By Jennifer M. Paine
Attorney, Cordell & Cordell, P.C., Detroit office
Here is an overview of the Social Security Act’s divorced spouse Social Security retirement benefits to consider as you contemplate divorce, negotiate your settlement, or select the date to make your decree effective.
In this part, we’ll address two questions:
- Am I eligible for divorce spouse retirement benefits?
- How are those benefits calculated?
Am I eligible for divorced spouse retirement benefits?
Not every ex is entitled to divorced spouse retirement benefits. The circumstances are narrow and subject to change as our national deficit skyrockets and congressmen and congresswomen get to work revising the laws. You should always consult a Social Security lawyer for specific information. In general, however, a divorced spouse may be entitled to these benefits if he:
(1) was validly married to the worker ex-spouse, who is insured under the Social Security Act, for at least ten years;
(2) is unmarried at the time of receiving the benefits;
(3) is at least 62 years old; and
(4) is not entitled to Social Security retirement or disability benefits equal to or greater than the ex-spouse’s full benefit.
Additionally, if the spouses have been divorced for at least two years, he is eligible to receive the benefits even if the insured worker ex-spouse has not filed for retirement benefits. See 42 USC 402(b).
For benefit months after December 1990, applicants who were not validly married may qualify under the first requirement if they were “deemed married.” To be deemed married, the applicant and his ex-significant other must have gone through a wedding ceremony that would have resulted in a valid marriage but for a legal impediment, must have believed in good faith they were married, and must have been living in the same household as husband and wife. See 42 USC § 416(h).
How are divorced spouse retirement benefits calculated?
The successful applicant will receive a monthly benefit equal to one-half of the worker ex-spouse’s primary insurance amount while the worker is living and a benefit equal to the worker’s full primary insurance amount after the worker’s death. The primary insurance amount is the amount of benefits the worker is entitled to based on his or her Social Security earnings record. With limited exceptions, the Social Security Administration calculates the amount with the average indexed monthly earnings for workers who reach age 62 after 1978 or become disabled or die before age 62 and the average monthly wage for individuals who reach age 62, become disabled or die before 1979. See 20 CFR 404.210, .220.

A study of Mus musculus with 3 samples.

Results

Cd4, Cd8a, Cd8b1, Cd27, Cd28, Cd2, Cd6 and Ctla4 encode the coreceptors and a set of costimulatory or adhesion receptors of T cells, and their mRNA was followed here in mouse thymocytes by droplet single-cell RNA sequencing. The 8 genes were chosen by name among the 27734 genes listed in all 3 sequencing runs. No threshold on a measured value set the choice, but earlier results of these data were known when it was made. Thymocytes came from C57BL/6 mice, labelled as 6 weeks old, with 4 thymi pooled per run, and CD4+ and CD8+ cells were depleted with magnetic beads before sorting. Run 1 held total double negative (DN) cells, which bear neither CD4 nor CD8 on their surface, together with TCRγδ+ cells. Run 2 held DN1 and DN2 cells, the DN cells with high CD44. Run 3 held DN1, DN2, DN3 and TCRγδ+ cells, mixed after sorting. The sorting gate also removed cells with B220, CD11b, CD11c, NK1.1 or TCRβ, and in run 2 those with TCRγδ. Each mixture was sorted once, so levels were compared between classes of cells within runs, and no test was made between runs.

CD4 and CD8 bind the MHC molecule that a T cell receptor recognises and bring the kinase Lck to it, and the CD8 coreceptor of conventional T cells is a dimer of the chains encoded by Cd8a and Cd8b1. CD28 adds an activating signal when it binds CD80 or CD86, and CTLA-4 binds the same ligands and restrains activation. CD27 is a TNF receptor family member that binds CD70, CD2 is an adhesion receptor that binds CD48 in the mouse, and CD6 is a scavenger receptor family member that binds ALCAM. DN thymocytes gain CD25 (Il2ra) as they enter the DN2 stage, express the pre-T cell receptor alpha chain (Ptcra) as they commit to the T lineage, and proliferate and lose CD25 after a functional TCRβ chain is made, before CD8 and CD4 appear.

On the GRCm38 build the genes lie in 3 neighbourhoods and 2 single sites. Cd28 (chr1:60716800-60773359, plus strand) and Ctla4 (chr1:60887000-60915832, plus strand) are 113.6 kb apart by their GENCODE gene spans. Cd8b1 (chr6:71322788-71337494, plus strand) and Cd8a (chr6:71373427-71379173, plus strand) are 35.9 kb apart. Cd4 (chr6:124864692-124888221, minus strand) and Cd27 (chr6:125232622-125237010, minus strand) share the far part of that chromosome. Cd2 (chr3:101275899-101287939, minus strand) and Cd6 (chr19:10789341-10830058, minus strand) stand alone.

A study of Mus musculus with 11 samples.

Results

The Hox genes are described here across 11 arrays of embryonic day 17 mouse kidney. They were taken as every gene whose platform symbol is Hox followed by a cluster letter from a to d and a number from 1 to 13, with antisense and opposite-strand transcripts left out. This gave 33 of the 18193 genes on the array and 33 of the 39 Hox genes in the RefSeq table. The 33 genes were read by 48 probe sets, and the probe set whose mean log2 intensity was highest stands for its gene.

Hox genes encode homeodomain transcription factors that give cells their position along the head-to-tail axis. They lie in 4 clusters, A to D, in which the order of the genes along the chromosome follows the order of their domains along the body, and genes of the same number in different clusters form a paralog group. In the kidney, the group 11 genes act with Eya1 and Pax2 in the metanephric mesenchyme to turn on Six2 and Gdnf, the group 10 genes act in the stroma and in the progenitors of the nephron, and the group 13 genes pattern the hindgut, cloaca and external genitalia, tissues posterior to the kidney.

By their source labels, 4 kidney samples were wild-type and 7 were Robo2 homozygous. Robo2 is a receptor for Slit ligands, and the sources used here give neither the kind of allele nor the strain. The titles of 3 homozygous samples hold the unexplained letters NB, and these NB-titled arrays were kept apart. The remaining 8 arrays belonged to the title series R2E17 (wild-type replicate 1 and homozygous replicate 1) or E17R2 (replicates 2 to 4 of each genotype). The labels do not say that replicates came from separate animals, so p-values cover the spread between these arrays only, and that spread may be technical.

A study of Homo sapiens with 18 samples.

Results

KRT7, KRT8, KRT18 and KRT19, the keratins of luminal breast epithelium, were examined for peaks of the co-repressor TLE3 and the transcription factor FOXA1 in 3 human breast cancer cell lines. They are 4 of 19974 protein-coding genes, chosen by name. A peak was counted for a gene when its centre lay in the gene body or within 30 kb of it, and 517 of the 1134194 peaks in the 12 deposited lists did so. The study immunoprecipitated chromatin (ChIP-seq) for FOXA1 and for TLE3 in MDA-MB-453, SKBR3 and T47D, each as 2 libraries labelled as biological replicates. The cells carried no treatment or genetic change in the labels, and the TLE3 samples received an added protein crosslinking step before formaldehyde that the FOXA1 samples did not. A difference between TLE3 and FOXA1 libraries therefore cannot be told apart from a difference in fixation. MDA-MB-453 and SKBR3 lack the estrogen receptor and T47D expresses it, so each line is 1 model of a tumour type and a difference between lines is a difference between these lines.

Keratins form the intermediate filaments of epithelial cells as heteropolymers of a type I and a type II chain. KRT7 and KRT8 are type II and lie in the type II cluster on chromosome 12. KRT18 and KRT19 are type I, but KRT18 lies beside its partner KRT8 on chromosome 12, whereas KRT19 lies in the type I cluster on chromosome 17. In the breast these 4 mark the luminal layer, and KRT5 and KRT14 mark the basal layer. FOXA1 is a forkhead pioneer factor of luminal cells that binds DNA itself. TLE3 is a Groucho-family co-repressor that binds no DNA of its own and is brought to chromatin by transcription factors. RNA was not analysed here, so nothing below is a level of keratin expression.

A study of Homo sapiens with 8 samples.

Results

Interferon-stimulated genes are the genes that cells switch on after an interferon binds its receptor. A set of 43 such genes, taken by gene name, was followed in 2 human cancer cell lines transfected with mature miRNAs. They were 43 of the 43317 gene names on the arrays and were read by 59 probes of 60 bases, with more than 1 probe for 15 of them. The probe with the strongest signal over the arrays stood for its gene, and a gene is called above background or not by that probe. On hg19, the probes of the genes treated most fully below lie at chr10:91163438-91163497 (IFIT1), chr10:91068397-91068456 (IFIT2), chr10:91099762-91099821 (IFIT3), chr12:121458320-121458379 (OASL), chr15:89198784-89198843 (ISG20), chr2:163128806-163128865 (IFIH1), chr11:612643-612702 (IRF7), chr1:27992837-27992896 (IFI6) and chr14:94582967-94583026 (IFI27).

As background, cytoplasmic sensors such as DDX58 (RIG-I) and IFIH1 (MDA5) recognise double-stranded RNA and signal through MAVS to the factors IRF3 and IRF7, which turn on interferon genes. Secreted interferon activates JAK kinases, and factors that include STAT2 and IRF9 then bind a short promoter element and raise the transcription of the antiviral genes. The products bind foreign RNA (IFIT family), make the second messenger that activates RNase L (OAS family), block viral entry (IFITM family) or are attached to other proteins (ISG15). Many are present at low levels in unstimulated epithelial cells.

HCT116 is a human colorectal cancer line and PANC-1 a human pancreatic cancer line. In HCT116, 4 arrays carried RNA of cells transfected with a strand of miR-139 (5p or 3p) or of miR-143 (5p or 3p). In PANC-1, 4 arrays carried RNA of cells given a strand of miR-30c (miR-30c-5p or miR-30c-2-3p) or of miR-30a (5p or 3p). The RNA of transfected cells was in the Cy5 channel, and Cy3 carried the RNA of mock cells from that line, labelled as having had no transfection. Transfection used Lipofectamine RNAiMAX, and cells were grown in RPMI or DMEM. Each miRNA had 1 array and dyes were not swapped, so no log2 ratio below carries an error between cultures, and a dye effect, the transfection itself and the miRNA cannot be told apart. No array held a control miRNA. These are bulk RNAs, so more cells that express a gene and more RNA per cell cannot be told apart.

Each year, as tax season approaches, you will receive a booklet from the Social Security Administration that indicates your earnings history and the benefits you may receive based on that history. You should keep this booklet in a safe place: it contains information about the various Social Security benefits, for one thing, and, more importantly, it will help you and your attorney chart your earnings history if child support and spousal support become issues in your divorce.
Jennifer M. Paine is an Associate Attorney in the Detroit, Michigan office of Cordell & Cordell P.C. She is licensed to practice in Michigan, and has been admitted pro hac vice in Illinois, Ohio, and the United States Court of Federal Claims. Ms. Paine received her BA in English and Mathematics from Albion College and graduated Summa Cum Laude. She received her Juris Doctorate from MSU College of Law and graduated Summa Cum Laude.